Getting Started as a Freelancer


Working as a freelance employee means working your own hours on your own terms. But it also means finding your own work and managing all parts of the business yourself. To be successful, you need to be able to juggle day-to-day business operations while still finding time to do the freelance work you're being paid to do—and do it well.

If you're ready to start freelancing, these tips can help you get a head start.

  • Set up a website
    Establishing an online presence for yourself is essential. Clients need to be able to look at your work and find you quickly. Maintaining a basic website is fairly simple. You don't need anything fancy to start with; just a place to showcase your best work and provide contact information. If you're not sure where to start, services like Web.com offer low-cost website set-up and maintenance

  • Order business cards
    A big part of working as a freelancer involves generating your own business (see below). Online companies like LogoWorks and PrintRunner offer affordable ways to order business cards for your new profession so you have an additional way of connecting with prospective clients.
  • Get a DBA or sole proprietorship
    For most business entities other than LLCs and incorporations, the legal name of the business is the personal name of the business owner(s). If you plan to do business under a name other than your own or if you want to set up a bank account under your business's name, you'll need to file a DBA or sole proprietorship.

    In addition to a DBA, your state may have specific laws for individuals doing business. Research and obtain any state and local permits or licenses you'll need for your business. Or use a service like Business Licenses that does the research and prepares the applications for you for a small fee.

  • Protect your future
    Once you're self-employed, you'll have to figure out your own path for retirement savings, medical insurance, etc. Consult your financial advisor and set up a plan to make sure your retirement goals will be met and check websites like NetQuote to see and compare health insurance quotes from a variety of insurers.
  • Focus on productivity
    Freelancers will often tell you that while working at your leisure sounds glamorous, there are a few drawbacks. For some, the solitude can get lonely. Freelancers working remotely can't talk to a co-worker between projects the way employees in an office can. On the other hand, freelancers don't have to deal with office politics.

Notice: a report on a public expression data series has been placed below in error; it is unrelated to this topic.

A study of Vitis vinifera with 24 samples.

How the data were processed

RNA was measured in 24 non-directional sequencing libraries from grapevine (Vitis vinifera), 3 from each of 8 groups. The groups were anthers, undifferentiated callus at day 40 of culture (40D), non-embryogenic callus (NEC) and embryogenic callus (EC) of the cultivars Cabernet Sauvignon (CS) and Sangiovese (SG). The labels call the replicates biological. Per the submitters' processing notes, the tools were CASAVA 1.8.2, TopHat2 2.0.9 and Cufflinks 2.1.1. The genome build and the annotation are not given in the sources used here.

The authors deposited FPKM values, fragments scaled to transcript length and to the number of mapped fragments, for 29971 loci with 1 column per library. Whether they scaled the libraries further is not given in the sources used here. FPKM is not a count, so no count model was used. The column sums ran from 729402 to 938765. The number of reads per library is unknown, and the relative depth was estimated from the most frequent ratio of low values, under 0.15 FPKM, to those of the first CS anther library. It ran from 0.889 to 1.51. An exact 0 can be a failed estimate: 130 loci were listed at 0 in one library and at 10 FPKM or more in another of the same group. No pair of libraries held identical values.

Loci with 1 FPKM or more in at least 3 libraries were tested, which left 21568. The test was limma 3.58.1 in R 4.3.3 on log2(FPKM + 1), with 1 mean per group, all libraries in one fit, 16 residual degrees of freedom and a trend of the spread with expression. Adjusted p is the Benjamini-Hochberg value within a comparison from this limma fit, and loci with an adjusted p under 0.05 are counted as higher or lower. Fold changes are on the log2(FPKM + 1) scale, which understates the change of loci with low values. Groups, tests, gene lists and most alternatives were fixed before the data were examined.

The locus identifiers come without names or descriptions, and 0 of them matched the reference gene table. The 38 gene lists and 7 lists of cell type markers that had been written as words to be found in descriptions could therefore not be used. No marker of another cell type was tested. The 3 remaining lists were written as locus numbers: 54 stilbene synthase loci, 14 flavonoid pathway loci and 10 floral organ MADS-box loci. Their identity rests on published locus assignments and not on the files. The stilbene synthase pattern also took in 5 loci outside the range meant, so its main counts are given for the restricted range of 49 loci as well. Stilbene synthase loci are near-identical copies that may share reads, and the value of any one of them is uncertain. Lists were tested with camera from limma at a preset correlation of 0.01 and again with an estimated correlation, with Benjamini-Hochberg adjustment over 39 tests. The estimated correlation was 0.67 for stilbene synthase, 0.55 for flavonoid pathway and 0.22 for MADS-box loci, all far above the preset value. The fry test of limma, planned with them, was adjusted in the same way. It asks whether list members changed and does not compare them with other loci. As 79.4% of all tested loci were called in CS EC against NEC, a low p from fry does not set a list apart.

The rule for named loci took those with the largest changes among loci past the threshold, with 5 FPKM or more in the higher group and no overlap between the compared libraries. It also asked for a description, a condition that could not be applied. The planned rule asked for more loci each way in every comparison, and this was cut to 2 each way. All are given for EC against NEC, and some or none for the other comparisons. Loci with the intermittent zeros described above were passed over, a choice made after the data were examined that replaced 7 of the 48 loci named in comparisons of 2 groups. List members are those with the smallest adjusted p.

For maximum productivity, set up an in-home office, or find another place where you can focus and get work done. The absence of a boss down the hall may be a highlight; however, that just means you have to be the one to manage deadlines and productivity.

  • Promote and network
    Working for yourself means promoting yourself, and getting started as a freelancer can be very time-consuming. Join online networks such as LinkedIn and industry-specific communities like Mediabistro.com to communicate your goals, ask questions, and network with other professionals.

    Spread the word to friends and family that you're venturing into freelancing and ask for referrals where appropriate.

    Set up a blog. A blog can help you connect with other freelancers and bloggers as well as potential clients.

  • Know what's out there
    Get to know resources, jobs, clients, etc. in your freelancing field. This is your business now—become an expert!

    Being active on message boards and forums can help you stay abreast of news and trends in your field and in freelancing in general. Sites like FreelanceSwitch can help inform and improve your work.

    Some popular sites for freelance job listings are Guru.com and Elance. There are lots of others out there depending on your industry; just be sure to do the research to avoid scams and fake freelancer postings.

    It's unfortunate, but there are some companies with shady business practices. Do some research on a company before pitching your work or taking assignments.

Working for yourself can be incredibly rewarding, but doing business as a freelancer has its own challenges. The tips above can help you get the details out of the way so you can focus on doing great work and enjoying your newfound freedom.